Think about some big purchases you’ve made in your lifetime. Have you bought a home? Car? Computer and ancillary equipment, nursery room furnishings, smartphone? Your emotions likely played a key role in your final selection.

In fact, neuroscientist Antonio Damasio contends emotions are a crucial component of decision making.

But what about work purchases? Are your emotions tied, for example, to what fund accounting software you buy for your nonprofit? They probably should be. And, when you’re shopping for software, you should be looking for a partner, not just a vendor. Because a partner will offer you not only the commercial connection that comes with a purchase, but also a social connection that comes with a relationship.

Here are five key differences between a vendor and a partner.

A Vendor Sells You a Product – Vendors are transactional in nature and bottom-line driven. They’re pushing for a quick sales cycle and have big quotas to meet.

A Partner Sells You a Relationship – Partners take the time to learn about your business and mission and understand your challenges. They don’t sell you a product, then walk away. Their success is dependent upon your success.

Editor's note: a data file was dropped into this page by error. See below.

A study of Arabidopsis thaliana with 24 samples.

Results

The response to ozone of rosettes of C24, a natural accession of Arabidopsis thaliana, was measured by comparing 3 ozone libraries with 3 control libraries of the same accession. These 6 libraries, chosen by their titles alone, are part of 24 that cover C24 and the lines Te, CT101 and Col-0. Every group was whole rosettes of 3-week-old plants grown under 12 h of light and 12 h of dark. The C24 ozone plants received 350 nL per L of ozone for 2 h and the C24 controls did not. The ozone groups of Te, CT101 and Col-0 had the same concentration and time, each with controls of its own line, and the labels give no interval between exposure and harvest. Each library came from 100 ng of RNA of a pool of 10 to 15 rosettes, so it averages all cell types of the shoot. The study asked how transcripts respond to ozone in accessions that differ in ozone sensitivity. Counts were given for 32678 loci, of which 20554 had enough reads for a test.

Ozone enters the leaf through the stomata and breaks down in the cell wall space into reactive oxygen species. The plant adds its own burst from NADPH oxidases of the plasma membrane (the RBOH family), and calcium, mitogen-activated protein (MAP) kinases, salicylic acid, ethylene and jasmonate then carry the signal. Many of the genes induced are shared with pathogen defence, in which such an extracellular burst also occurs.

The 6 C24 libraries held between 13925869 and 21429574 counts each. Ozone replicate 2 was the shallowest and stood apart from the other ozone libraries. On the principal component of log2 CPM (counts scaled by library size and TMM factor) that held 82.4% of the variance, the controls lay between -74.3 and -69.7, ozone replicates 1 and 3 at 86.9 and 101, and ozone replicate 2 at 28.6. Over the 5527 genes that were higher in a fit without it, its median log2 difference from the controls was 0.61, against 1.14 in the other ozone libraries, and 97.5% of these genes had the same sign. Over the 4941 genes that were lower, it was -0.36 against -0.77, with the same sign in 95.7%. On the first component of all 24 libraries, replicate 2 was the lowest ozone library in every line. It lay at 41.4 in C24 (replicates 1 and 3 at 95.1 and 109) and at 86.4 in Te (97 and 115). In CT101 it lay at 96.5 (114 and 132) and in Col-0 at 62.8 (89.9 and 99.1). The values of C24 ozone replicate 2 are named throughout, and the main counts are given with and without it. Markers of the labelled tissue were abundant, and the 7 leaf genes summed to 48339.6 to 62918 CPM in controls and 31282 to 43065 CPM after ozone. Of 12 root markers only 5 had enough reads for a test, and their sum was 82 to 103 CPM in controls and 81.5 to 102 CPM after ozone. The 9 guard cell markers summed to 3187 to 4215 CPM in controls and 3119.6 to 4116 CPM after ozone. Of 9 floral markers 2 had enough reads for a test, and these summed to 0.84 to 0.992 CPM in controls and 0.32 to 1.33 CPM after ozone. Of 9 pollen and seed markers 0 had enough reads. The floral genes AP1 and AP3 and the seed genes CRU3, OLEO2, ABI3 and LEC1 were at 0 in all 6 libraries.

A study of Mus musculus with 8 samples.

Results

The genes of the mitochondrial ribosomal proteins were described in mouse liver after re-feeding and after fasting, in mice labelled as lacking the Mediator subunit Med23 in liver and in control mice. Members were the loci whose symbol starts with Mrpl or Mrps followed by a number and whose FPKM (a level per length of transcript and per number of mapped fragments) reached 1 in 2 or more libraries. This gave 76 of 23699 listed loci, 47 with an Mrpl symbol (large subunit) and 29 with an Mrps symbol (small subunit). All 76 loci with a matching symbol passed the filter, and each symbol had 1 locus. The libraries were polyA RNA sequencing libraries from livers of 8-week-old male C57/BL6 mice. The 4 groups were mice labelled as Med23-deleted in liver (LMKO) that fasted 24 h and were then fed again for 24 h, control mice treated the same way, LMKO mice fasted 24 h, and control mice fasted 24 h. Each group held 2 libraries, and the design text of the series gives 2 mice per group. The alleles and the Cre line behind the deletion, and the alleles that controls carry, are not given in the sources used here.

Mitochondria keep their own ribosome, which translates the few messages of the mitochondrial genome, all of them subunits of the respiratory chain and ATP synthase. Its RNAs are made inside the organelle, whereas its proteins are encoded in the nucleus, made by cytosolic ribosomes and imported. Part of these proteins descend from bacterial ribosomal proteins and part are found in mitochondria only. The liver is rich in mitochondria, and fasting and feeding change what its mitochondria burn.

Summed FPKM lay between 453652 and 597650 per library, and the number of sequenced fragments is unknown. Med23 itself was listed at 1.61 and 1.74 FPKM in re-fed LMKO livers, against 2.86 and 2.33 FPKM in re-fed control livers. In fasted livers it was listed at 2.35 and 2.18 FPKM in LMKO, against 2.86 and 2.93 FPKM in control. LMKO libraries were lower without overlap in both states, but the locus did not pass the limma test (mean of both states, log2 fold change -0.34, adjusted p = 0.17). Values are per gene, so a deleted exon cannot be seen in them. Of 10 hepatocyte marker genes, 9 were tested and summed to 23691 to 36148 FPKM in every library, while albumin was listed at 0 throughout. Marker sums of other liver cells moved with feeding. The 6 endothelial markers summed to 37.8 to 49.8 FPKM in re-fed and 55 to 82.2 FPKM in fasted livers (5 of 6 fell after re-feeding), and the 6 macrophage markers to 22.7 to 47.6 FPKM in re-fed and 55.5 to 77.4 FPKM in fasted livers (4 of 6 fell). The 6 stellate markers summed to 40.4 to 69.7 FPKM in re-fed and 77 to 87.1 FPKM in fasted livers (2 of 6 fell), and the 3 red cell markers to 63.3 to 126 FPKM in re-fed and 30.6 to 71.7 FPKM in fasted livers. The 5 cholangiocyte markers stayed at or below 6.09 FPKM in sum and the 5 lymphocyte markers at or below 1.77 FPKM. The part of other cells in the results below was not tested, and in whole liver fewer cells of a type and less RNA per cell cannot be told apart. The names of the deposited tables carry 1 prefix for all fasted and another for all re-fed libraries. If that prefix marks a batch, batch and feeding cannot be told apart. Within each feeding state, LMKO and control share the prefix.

A Vendor Moves Your Data – Implementation consists of you sending your database to your vendor and your vendor migrating your data into the new software.

A Partner Takes a Holistic Approach to Implementation – Not only does a partner move your data, it will also migrate your internal controls, bolster your security, and help improve your business processes.


A Vendor Isn’t in the Training Business – To learn about their software, vendors will send you an instructional manual or point you to a website. In other words, you’re on your own.

A Partner Knows Training is a Key to Your Success – Software is not going to do you a whole lot of good if you don’t know what it can do for you. Partners will provide you with a community of peers from which to learn, as well as ongoing training offerings and specialized support.


A Vendor Doesn’t Play Well with Others – Vendors typically offer a standalone product, and if you’re lucky, a cold referral to other vendors who offer tools and functionality they simply don’t have.

A Partner Offers an Extensive Ecosystem – Partners understand one size doesn’t fit all, and will have a thriving ecosystem of vetted experts and products that integrate seamlessly with its offerings.


A Vendor Will Sell You What it Has – For example, if the vendor’s solution is cloud-based, you’re moving your data to the cloud, whether you want to or not.

A Partner Offers You Choice – If you want to keep your data on-premise or you want the flexibility of the cloud, a partner will accommodate your choice.